In the wake of various student bike accidents this year, the City of Palo Alto is reviewing a proposal for improvements around the Churchill Avenue entrance of Palo Alto High School to reduce congestion and improve safety for bikers and pedestrians.
According to Penny Ellson, chair of the Palo Alto Council of Parent Teacher Association’s Traffic Safety Committee, the safety of students is “a very high priority for the city” given the large number of students biking, walking or commuting to school.
“Forty percent of high school students bicycle to PAUSD [Palo Alto Unified School District] high schools, with bike counts increasing each year,” Ellson said. “An uncounted additional number of students walk or take the shuttle to Paly. We anticipate these numbers will continue to increase.”
If passed, the project will remove the crosswalk islands at El Camino Real and Churchill Avenue as well as the intersections where El Camino Real meets Galvez Street and Embarcadero Road.
According to Ellson, this change would introduce a tighter turning radius, which would force drivers to slow down during the turn. It would reduce the distance it would take to cross the street, making it safer for pedestrians.
The project also proposes to make more visible crosswalks and add new illuminated multi-use pathways around the Churchill and El Camino perimeters of Paly’s campus.
Furthermore, a westbound right turn lane would be added at the intersection of El Camino and Churchill, relieving traffic congestion.
This dedicated right turn lane was contested at the Feb. 21 Parent Teacher Student Association meeting, where the PTSA secretary Sarah Burgess expressed concern that reducing congestion would encourage more cars to go through that intersection, thus making it more dangerous for students walking or biking.
Ellson stated that she has shared this concern with the City of Palo Alto.
“The current plans are conceptual,” Ellson said. “If the grant is approved, it will fund a study that will inform development of the final engineering plans.”
“This is the first time the VTA has offered the program and it is the one of the largest grant programs anticipated over the next four years so it is planned to be very competitive,” Ellson said. “How any of the city’s eight proposals compete will depend on how many other cities submit projects and how well the competing projects meet the eligibility requirements.”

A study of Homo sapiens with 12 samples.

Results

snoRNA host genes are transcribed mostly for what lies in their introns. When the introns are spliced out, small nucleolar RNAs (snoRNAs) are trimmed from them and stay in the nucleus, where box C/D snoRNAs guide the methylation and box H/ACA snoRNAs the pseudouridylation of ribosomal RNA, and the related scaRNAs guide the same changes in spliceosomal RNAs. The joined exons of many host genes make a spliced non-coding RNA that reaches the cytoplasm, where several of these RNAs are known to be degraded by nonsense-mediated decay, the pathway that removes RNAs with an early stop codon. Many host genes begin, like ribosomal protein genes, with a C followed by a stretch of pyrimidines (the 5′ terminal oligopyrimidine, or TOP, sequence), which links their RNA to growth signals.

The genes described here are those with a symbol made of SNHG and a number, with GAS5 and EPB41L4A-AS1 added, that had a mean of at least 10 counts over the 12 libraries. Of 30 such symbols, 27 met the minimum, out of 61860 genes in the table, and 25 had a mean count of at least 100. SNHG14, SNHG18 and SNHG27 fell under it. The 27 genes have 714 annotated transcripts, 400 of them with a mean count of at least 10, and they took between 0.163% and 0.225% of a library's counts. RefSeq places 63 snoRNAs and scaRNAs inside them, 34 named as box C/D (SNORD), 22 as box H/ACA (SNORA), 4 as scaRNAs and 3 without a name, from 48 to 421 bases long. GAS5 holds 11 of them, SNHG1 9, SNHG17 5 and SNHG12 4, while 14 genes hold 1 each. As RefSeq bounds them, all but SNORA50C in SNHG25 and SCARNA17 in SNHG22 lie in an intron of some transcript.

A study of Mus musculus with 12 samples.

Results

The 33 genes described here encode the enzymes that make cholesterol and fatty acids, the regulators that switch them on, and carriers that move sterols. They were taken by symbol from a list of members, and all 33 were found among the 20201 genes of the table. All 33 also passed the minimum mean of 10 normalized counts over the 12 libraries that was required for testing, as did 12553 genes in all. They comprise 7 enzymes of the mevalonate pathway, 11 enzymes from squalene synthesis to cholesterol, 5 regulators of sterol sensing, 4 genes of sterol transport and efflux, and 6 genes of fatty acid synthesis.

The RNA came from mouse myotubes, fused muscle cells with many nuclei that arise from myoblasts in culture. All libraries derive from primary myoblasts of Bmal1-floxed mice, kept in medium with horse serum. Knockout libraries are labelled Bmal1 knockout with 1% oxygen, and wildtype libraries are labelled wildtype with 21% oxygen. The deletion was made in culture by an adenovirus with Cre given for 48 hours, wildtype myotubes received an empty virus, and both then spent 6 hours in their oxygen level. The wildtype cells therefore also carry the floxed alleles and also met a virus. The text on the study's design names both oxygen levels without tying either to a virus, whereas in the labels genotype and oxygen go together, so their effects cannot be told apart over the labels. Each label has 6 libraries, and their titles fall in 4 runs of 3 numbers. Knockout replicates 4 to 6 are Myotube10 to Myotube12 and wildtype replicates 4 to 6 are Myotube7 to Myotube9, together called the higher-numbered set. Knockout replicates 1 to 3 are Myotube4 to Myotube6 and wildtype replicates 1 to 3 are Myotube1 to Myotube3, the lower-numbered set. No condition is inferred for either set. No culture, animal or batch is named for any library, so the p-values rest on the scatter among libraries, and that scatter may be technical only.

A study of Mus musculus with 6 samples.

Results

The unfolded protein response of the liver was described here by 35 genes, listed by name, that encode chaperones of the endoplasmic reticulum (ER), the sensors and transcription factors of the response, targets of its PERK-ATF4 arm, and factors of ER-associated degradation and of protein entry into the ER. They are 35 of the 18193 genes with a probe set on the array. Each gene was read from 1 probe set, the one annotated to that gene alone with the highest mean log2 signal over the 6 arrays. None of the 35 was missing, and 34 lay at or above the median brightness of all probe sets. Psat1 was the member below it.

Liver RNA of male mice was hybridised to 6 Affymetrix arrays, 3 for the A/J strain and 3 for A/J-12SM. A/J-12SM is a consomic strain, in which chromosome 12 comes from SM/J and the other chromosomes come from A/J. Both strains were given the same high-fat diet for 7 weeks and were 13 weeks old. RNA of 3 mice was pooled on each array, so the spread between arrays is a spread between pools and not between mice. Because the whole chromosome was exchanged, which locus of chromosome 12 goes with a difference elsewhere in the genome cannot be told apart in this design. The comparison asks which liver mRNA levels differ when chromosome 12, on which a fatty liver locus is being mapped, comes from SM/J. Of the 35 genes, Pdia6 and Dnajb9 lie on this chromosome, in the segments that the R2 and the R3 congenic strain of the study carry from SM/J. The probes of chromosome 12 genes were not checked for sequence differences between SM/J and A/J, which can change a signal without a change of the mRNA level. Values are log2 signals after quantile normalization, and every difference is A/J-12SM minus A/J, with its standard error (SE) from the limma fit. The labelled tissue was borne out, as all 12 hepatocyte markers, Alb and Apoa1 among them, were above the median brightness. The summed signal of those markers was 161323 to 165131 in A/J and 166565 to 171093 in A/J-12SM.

Ellson stated that the Embarcadero Road Corridor Improvement project is “very competitive,” but the result is uncertain.
“We don’t know what kinds of projects other cities might submit,” Ellson said.
The Paly PTSA has written a letter of support for this project to the city.
“Safe and convenient bicycle/pedestrian routes to our school site are a very high priority for the PTSA,” the letter states. “School commutes become increasingly challenging as the distict builds to accommodate increased enrollment at the site, increasing daily school commute trips.”
PTSA president Rebecca Fox agrees that the project will help Paly become safer.
“I believe that the Paly community will benefit from improvements to the intersection at El Camino and Churchill, as traffic will flow more smoothly and the intersection will be safer for bicyclists and pedestrians,” PTSA president Rebecca Fox said.
At the Feb. 21 meeting, Ellson also encouraged parents, teachers and students to report any bike accidents to the city.
“The data will move safety improvement projects’ priority up in city funding,” Ellson said.
The non-emergency number for reporting bike accidents is 650-329-2413.
“Parents can call this number and make a crash report, even if there is no injury,” Ellson said. “We need to start documenting the problem.”
The City of Palo Alto will decide on which projects to accept for funding by late April.